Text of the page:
Options trading is booming as both individual and institutional investors discover a cheap way to play the markets.

During the first quarter, options volume rose 27.6%, compared to a 5.2% increase in the stock market volume, according to Options Clearinghouse.

Options give an investor the right to buy or sell a security at a set price. Because they can be bought at a fraction of the cost of the actual stock, it's a cheap way to bet on a stock's direction without owning it.


“The growth in the industry has just been terrific,” said Ed Tilly, vice chairman of the Chicago Board Options Exchange, which is one of six registered exchanges in the U.S. that trade options.

Also fueling the growth is the emergence of electronic trading, which has lowered transaction costs and made the options markets more transparent. There also has been increased education, which has allowed both retail and institutional investors to better understand various investment strategies using options.

"The educational efforts...have created a more sophiscated investor," said Bruce Goldberg, chief marketing officer at International Securities Exchange. "A smarter options user is able to trade over the long term and be more successful."

These educational efforts have been driven by the exchanges, money managers such as Fidelity, and even online brokerges such as Ameritrade, eTrade, and OptionsXpress.

Although retail investors drove the initial interest in options, there is increased trading volume coming from institutional investors, especially hedge funds, as they use options to limit their risk and gain added leverage from their investments.

“It’s a very powerful product,” said Susan Milligan, executive director of the Options Industry Council, which was formed by the exchanges in 1992 to help educate the public about the benefits and risks of exchange-traded equity options.

"I think it is so flexible," Milligan said. "You can use it to speculate. You can use it to hedge or to protect yourself against downturns in the market, or improve a return on a stock you own."

The rise of electronic trading has helped increase the transparency of the options market, and that helped encouraged greater participation, according to Andrew Wilkinson, senior market analyst with Interactive Brokers.

“People are able to take more risk because they know how to offset risk in markets around the world,” Wilkinson said.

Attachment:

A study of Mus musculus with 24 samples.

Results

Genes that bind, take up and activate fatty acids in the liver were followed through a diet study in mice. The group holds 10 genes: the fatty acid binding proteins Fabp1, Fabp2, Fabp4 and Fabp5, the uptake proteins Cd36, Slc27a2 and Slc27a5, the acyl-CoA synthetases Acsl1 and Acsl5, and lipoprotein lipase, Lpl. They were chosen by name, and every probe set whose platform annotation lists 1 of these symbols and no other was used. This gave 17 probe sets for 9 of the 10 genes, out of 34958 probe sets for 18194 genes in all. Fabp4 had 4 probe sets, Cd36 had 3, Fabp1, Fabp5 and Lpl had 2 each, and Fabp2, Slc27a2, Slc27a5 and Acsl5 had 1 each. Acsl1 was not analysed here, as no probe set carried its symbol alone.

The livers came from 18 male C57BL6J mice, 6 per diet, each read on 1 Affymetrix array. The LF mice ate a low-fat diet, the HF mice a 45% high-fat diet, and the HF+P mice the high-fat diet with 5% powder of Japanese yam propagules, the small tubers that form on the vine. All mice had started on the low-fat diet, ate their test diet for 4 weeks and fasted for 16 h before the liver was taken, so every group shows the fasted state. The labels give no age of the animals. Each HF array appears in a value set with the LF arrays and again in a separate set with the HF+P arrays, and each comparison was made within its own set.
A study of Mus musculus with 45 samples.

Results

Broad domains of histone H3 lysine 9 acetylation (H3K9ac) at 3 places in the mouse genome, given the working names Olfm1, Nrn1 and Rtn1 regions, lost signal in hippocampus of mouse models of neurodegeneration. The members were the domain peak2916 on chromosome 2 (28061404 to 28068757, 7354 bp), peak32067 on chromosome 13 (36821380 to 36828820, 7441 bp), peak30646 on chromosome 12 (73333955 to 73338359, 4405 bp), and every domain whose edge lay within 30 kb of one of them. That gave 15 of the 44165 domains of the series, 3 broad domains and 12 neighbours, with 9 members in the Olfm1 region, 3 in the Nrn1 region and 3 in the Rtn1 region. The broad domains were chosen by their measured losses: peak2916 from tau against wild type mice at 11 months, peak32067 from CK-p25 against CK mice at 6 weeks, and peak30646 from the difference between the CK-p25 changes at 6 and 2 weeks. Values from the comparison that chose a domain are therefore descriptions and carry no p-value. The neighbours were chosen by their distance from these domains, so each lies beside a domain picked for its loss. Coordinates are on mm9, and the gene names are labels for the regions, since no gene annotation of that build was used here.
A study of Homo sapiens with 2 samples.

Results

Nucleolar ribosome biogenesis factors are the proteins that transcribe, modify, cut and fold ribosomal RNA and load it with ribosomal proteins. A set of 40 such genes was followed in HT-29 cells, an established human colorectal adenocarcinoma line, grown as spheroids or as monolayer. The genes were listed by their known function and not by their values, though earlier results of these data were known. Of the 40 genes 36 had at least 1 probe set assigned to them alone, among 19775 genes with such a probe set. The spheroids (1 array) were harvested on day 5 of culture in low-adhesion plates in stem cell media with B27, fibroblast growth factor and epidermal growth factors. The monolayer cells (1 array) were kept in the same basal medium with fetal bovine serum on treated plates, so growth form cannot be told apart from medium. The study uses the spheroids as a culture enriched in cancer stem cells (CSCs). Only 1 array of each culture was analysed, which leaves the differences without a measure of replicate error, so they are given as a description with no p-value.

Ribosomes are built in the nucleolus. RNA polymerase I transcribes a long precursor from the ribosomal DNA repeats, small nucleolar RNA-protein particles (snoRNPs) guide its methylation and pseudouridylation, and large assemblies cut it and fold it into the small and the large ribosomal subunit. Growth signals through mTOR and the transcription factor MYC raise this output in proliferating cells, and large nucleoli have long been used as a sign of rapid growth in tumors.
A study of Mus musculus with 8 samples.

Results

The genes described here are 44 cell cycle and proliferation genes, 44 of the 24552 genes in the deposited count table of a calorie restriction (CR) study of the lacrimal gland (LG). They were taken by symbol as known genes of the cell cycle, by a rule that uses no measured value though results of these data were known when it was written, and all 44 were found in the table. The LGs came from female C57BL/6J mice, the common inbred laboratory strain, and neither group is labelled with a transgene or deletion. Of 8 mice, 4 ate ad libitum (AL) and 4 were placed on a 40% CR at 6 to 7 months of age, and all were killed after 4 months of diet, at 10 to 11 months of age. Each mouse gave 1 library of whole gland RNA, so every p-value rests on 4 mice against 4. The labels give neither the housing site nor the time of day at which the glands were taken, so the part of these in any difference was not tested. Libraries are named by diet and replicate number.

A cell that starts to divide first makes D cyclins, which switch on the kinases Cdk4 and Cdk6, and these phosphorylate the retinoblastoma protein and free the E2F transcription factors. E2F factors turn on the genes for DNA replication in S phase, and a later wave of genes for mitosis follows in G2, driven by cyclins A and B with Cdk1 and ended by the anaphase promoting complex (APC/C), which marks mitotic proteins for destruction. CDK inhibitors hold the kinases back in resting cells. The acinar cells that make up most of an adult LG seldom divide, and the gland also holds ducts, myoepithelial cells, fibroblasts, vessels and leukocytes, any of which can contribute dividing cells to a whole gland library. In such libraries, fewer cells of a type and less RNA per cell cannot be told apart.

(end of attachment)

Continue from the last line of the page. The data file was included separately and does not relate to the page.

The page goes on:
With this week’s pullback in stock market ratcheting up concerns that volatility will increase in the months ahead, it is possible there could be even greater growth in options volume in the months ahead.

Trading Volume, Year-to-Year Percentage Change, By Market

Year
Stock Market
Options Industry
1999 +27.9% +25.0%
2000 +48.3% +43.1%
2001 +10.6% +7.5%
2002 +3.3% -0.1%
2003 -3.3% +16.3%
2004 +5.5% +30.2%
2005 +3.6% +27.3%
2006 +12.8% +34.8%
Sources: Options Clearinghouse Corp.; Securities Industry and Financial Markets Association

There also could be other catalysts. First, there seem to be an ever-growing range of new products for investors to use such as exchange-traded funds and index-linked products.

Also, electronic trading platforms have made it possible for institutions to do electronically what was once done on the trading floor.

In addition, the industry is testing the effects penny pricing, which allows options to be traded at a penny, instead of nickel, on the market. The trial, which is being conducted on 13 active options series, is still in its early days, and the results have been mixed so far.

The Securities and Exchange Commission also has approved new rules governing portfolio margins that could benefit certain types of large investors, such as hedge funds.

"When you think about this product, it is still early in this ball game," Goldberg said.

Christina Cheddar Berk is a News Editor at CNBC.com. She can be reached at christina.cheddar-berk@nbcuni.com.